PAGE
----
Starting from 25 October, the exhibition “Views on a Landscape” by Jane Remm will be open at Tallinn City Gallery. The artist, focusing on the depiction of Estonian forests and, more broadly, landscapes, will present her new works that depict the shadow zones or peripheries of the familiar beautiful landscape. The exhibition is curated by Siim Preiman.
Jane Remm is interested in the presentation of landscapes in culture and how they have been designed over the years. In the exhibition “Views on a Landscape”, Remm continues contemplating the relations between humankind and the landscape, this time stepping off the roadside and deeper into the woods. The exhibited works could be divided in two – those that depict the meeting points of different artificial and natural landscape components, the tree stumps as legacy trees that had come to their natural end.
“The types of landscapes that are valued change over time and depend on attitudes. For example, mires have traditionally been an area both feared and avoided; today, the mire is a place to go berry picking or for recreation; it is the quintessential wilderness,” writes Jane Remm. “Ordinary (anti-)landscapes are being increasingly valued, both from an aesthetic and an ecological viewpoint. Nature begins to flourish in abandoned quarries shortly after human activity subsides. First, pioneer species colonise the site, and a few years later, tree saplings follow.”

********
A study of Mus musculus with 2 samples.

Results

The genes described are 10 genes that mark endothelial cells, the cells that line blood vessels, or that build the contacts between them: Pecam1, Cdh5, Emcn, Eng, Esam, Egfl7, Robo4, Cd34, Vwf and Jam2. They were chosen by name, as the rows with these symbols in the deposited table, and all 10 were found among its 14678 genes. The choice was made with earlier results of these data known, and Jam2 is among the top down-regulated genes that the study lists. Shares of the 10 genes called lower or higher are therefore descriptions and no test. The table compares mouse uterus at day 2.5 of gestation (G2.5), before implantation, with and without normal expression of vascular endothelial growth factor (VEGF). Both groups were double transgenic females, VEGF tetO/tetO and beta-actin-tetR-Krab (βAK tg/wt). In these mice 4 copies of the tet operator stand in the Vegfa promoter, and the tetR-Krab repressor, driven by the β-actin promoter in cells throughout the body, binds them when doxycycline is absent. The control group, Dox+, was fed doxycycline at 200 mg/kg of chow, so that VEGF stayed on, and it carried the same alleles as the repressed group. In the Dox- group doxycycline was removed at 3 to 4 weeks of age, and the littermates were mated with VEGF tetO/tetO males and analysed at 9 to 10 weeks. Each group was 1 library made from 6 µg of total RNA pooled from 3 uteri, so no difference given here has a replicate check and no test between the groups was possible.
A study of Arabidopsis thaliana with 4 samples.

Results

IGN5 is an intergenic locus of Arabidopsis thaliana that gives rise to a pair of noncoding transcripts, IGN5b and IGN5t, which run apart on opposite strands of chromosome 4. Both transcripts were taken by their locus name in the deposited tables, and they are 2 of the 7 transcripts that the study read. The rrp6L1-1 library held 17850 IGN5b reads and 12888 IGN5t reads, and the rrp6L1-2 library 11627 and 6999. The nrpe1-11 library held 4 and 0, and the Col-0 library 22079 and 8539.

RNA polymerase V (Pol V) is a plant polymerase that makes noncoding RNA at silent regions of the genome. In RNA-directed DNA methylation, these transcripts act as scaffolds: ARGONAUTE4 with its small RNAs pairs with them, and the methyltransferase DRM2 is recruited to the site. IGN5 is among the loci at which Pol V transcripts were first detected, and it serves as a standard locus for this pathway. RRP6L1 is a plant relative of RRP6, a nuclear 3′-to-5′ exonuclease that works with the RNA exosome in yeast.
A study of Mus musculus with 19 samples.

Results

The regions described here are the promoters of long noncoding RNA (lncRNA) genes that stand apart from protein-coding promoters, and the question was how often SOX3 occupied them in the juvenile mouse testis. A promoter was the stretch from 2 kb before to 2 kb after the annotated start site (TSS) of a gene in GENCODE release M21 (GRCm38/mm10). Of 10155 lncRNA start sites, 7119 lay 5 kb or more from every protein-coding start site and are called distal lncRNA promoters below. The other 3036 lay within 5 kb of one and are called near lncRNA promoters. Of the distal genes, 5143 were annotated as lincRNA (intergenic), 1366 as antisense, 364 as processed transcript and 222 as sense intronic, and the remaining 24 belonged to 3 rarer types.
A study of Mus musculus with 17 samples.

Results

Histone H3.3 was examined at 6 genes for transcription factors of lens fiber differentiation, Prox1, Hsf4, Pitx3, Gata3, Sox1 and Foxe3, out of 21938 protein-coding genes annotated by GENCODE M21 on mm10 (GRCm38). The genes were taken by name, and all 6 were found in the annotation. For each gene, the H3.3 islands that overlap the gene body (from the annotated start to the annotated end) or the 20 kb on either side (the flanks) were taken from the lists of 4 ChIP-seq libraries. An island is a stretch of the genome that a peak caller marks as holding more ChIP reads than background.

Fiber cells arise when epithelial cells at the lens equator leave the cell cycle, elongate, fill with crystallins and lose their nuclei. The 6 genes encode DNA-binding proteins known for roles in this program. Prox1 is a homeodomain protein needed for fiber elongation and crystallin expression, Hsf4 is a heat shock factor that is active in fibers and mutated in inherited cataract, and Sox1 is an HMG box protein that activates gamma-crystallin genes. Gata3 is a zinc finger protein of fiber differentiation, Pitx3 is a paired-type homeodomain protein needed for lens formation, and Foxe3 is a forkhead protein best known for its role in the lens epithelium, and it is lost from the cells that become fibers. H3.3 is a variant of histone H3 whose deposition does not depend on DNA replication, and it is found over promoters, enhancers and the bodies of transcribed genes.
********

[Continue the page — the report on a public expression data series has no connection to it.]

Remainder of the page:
“What kind of forest is beautiful?” asks Kalevi Kull in the text accompanying the exhibition. “I know that some prefer a well-groomed forest with no twig litter, where the trees are straight and free of fungi. I know that some prefer a mixed-age forest, where you can find very old trees and tree stumps with bracket fungi. The forest can be an artificial community or a heritage community with minor groups, or a primeval community bearing no sign of human interference – some might prefer this, while others prefer that. These evaluations, however, shift decisions made about forests and influence the direction in which communities will change, how the landscape will change, and how the green areas and biodiversity will change.”
As part of the exhibition, City Gallery will host a seminar titled “Meanings of Landscape” on 24 November, which will explore various perspectives related to studies of landscape and nature. Speakers at the seminar include, among others: Kalevi Kull, Liina Unt, Kristjan Piirimäe and Piret Pungas-Kohv. More detailed information will be available shortly via the Art Hall website.
Jane Remm (1978) has studied art at Tartu Art College (1996–1999), University of Tartu, Department of Fine Art (BA 2003) and the Estonian Academy of Arts, Department of Interdisciplinary Arts (MA 2007), with additional studies in andragogy (MA 2012). She has had several solo exhibitions and has also taken part in numerous group exhibitions and projects in Estonia and abroad. Remm is a member of the Estonian Painters Association. Her works can be found in private collections and in the collection of the Tartu Art Museum.
The 2019 exhibition programme at Tallinn Art Hall directs special attention towards the possibility of being good and ecologically responsible in the circumstances of certain ruin. Five exhibitions congregate around these themes of which Jane Remm’s “Views on a Landscape” is the fourth. The preceding exhibition was the international group exhibition “The Art of Being Good,” held in the main hall of Tallinn Art Hall. The last exhibition in the series will be “Black Gold” by Sten Saarits and Edgar Tedresaar to be opened at City Gallery on 19 December. The curator of the series is Siim Preiman.
Thanks to: Estonian Cultural Endowment, Ministry of Culture of the Republic of Estonia, Estonian Artists Association, AkzoNobel, Aleksander Kuchmezov, Liina Remm, Maria Tamm.